Sunday, June 18, 2017

Hull 10k 2017

A few Striders pre race
Since I started running some 9 years ago, I never really focused on running 10k races. Marathons and half marathons were more appealing to me. Then I slowly started to dip my toe into the shorter and faster race versions. However, it was never on the back of specific training for those distances. As a result, my 10k times normally were between 44mins and 42mins.

More recently, I have been doing regular speed work outs including Thursday night track sessions with Driffield Striders running club. Combined with that, I have lost some weight due to a low carb diet. My fabulous wife Zoe, who is a very talented cook, comes up with wonderful carb replacements in our weekly meals.

My 10k times in the last year have slowly been coming down to 41mins and then 40mins in recent months. However, I never imagined I could run a sub 40mins 10k. Then, on the back of my recent 10k performances, and the confidence of some running buddies, I began to believe that I might be able to do it. So, I signed up for the Hull 10k as it was a flat and fast course and decided to go for it. Zoe also signed up for the race as she is now back from injury and slowly regaining her form.

The sun definately had its hat on as we arrived in Hull on race morning. It was forecast to be in the high 20's, so I was thankful that it was just a 10k and not a marathon.  There were a few other Driffield Striders running as well as about 8,000 others. Therefore, we headed straight into the start line corral to get a good spot to prevent potential congestion problems at the start.

I was already sweating as the sun was beating down on us as we waited for the race to start. I saw the 40 minute pacer in the corral and placed myself close to him. My plan was to run an evenly paced race as it was a flat course, so 6min 25sec/mile was the target.

It was relief when the race started and I found myself running just behind the pacer. I hadn't planned to run with the pacer but decided to stay with him for a first couple of miles in order to settle into the race without having to worry about getting my pace right. After 2 miles, I was feeling good, the pace felt comfortable and I decided to stay with the pacer and go with it.

We were then running along side the Humber estuary which offered a welcome breeze and I focused on maintaining my form and trying to relax. As we reached the 5k marker, I was starting to feel the pace a little and knew that the second half of the race would be tough. I was just ahead of the 40min pacer at this point and knew that I was still on track.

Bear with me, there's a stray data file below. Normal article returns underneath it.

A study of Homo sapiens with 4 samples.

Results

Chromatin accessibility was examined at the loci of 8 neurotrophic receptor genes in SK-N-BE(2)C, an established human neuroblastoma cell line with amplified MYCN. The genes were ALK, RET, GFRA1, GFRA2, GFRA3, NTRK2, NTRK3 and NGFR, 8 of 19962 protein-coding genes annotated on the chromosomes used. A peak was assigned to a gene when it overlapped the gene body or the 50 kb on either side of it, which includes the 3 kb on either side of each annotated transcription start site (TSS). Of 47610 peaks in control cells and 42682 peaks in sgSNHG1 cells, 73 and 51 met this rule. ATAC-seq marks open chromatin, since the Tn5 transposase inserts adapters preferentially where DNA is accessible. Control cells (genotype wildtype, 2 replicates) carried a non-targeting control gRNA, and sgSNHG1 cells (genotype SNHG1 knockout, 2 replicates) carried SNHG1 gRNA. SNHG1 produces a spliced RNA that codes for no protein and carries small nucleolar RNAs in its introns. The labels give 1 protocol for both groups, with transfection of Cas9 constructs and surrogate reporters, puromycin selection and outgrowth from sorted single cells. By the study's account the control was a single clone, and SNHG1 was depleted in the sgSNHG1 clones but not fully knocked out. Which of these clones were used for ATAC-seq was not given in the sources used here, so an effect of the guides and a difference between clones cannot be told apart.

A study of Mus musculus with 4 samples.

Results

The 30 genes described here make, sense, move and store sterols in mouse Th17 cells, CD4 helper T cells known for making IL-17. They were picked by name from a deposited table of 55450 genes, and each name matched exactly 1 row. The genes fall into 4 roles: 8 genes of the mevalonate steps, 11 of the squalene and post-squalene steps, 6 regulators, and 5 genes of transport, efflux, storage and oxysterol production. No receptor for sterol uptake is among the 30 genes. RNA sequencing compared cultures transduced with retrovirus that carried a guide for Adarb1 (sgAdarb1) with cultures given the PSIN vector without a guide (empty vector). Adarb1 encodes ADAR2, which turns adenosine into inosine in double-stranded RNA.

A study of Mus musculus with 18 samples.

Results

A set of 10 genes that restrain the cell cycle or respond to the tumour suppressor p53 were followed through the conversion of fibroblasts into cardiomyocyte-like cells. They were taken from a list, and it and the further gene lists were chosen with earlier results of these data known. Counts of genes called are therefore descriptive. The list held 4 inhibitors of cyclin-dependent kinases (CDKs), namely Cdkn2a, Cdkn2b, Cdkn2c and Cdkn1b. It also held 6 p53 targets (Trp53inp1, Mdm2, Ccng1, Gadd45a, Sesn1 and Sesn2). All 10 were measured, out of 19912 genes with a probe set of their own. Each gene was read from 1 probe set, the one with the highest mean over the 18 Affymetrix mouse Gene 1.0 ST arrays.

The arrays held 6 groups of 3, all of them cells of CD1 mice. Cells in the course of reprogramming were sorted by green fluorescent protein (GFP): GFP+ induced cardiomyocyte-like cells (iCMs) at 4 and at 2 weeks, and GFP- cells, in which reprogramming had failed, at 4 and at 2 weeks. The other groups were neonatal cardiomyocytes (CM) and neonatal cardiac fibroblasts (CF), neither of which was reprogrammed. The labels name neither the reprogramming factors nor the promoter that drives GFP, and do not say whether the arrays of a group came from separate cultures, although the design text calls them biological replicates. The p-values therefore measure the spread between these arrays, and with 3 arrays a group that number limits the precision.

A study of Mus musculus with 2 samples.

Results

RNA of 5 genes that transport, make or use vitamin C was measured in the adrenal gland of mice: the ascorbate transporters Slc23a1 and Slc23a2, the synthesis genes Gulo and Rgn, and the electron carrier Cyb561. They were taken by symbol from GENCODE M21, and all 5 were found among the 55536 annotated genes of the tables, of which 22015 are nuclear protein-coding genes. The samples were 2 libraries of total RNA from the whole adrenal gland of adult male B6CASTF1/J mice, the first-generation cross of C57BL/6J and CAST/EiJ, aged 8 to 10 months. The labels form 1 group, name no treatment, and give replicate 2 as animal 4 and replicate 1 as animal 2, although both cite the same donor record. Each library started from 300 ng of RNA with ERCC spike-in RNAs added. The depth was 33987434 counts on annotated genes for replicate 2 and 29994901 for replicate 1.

By the time that my garmin beeped the end of mile 4, I was having dig in to maintain the pace. The pacer had closed the gap and now slowly passed me. To my surprise, he had dropped all the people that had been running with him, so he was now running on his own. At this point, I had a choice to make. Forget the pacer and try to get to the finish as fast as I can or commit to staying with the pacer no matter what! I chose the latter and braced myself.

It was time to put mind over matter and keep pushing. I knew that if I could get to the last mile and still be with the pacer, I could hang on until the end. This was a great chance to break 40 mins!!

My garmin finally beeped to mark the end of mile 5 and I was still running just behind the pacer, my legs and body were screaming at me to slow down but I was simply not going to be dropped and kept pushing. I became aware that I was starting to make all sorts of strange noises, ones that I had never made before. I had heard other runners making grunts and groans in races and thought they must be really pushing themselves. Now it was my turn!

It's fair to say the last mile was as tough as it gets. I had given everything and then rinsed myself to maintain the pace all the way to the finish. I crossed the line and then everything stopped, my head was empty and my body felt numb. I must have looked in a state as a first aid guy guided me into the tent and laid me on a bed. I could barely speak and needed to recover for a while.

Once recovered,  I was blown away to discover that I ran 39mins 37secs. It was one of the toughest things that I've ever done. Brilliant!